City can spend money elsewhere, budget chief says

By Paul Moloney
Toronto Star City Hall Bureau

Toronto budget overseers are “dolts” for refusing to fund expanded commuter parking at outlying subway stations, TTC chairman Howard Moscoe has charged.

Moscoe had wanted to use $5 million from a GO Transit surplus received by the city to add 1,200 spaces at Kipling, Downsview, Wilson, Finch and Kennedy stations - part of a two-phase project endorsed by the TTC.

Because every new parking space yields $1,000 annually in additional fare revenue, the project would pay for itself in four years and two months, he told council’s transportation committee yesterday.

The 12,300-space commuter lots are jammed weekdays and more subway riders would be attracted if they were expanded, TTC route planning supervisor Bill Dawson told the committee.

“There is a pent-up demand for commuter parking and it’s quite large,” Dawson said.

Moscoe (North York Spadina) said the project - which would need money from the city to proceed - would entice commuters from the 905 region to park their cars and take the subway rather than drive downtown, reducing traffic congestion and smog.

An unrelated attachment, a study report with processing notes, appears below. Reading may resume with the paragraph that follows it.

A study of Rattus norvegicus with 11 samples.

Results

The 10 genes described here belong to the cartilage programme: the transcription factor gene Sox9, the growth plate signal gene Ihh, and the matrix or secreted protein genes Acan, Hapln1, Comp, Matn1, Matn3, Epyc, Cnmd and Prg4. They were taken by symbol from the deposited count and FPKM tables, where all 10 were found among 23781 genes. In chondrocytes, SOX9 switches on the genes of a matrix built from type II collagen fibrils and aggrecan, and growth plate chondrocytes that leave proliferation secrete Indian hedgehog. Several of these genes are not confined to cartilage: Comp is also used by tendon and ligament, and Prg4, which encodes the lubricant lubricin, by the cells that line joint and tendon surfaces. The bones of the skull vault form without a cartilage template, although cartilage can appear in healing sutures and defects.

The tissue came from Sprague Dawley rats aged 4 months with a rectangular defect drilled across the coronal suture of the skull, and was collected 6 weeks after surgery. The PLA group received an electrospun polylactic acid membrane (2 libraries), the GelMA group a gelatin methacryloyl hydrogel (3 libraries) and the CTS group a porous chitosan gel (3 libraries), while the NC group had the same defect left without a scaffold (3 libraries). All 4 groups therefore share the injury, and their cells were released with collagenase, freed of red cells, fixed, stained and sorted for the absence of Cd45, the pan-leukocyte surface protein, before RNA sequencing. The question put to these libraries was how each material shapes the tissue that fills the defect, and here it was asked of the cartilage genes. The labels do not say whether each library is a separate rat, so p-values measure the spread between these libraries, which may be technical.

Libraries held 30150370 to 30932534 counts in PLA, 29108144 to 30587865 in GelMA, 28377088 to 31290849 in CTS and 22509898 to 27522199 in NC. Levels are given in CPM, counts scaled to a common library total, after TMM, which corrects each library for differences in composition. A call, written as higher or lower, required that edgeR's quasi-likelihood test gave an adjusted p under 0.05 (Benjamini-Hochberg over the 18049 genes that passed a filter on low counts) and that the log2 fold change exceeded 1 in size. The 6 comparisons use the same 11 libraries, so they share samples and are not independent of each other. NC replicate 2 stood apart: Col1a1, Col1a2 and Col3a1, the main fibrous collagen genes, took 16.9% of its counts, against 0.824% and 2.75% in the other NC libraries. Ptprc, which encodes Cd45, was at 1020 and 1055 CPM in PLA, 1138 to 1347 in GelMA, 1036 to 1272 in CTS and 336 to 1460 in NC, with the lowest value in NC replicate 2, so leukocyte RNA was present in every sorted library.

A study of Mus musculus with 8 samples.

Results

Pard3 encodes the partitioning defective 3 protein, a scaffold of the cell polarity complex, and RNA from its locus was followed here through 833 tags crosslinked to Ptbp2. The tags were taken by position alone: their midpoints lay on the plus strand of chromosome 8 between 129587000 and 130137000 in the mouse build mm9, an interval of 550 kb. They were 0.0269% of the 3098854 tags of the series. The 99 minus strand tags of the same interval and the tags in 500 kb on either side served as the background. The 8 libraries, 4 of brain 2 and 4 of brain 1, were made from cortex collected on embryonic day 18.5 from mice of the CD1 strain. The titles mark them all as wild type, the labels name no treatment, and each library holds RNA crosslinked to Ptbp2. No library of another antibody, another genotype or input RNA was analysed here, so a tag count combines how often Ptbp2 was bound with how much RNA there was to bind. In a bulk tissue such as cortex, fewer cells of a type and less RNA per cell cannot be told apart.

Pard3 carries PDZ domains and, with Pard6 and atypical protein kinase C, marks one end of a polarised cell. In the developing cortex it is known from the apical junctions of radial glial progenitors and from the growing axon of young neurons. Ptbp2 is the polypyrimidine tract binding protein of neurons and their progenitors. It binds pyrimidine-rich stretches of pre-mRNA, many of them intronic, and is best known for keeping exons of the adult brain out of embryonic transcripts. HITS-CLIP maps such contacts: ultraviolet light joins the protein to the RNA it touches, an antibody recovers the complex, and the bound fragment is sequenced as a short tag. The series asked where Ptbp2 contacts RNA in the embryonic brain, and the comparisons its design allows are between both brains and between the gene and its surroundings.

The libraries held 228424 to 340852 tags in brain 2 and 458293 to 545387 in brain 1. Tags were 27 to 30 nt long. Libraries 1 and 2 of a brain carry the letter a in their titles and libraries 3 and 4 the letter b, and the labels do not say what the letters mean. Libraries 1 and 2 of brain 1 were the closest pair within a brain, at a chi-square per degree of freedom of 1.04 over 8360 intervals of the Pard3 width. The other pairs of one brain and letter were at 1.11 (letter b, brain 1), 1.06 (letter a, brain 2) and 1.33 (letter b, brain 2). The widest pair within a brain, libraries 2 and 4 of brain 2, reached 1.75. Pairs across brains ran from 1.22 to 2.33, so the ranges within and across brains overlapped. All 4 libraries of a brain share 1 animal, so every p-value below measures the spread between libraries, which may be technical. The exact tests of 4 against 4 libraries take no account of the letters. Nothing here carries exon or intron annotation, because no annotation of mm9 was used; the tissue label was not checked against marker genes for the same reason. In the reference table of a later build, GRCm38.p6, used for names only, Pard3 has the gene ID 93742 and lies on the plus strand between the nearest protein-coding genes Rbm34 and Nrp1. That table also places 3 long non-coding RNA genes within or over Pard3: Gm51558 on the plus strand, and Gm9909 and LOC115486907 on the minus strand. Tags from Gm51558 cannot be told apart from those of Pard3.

“For every person we can get out of their car from the 905 on to public transit, it’s a lot of money for us,” he added.

TTC chief general manager Rick Ducharme agreed that the cost of adding parking would be quickly repaid through fares.

“There is a business case,” Ducharme said in an interview.

But the city’s budget committee, chaired by Councillor Tom Jakobek, rejected the expansion plan.

“It’s a no-brainer, but apparently there are a lot of people around here that have no brains and can’t multiply,” Moscoe said in an interview.

“They have to start thinking like business people. The mayor thinks like a business person, but he’s got a bunch of dolts around him that can’t even think.”

Jakobek responded: “Sticks and stones will break my bones but names will never hurt me.”

Jakobek (East Toronto) said the city needs the GO Transit surplus for other purposes and can’t afford to spend it on commuter parking.

“As far as we’re concerned, we’re struggling with a zero tax increase, we’re struggling to maintain the services we have, not expand free parking,” he added.

“As far as we’re concerned, we’re struggling with a zero tax increase, we’re struggling to maintain the services we have, not expand free parking,” he added.

Moscoe said he hopes the money can still be found to revive the project.

The second phase calls for another 6,500 spaces at Kipling, Downsview, Wilson, Finch and Kennedy stations. The cost is $35 million, which would include construction of parking garages as well as surface parking.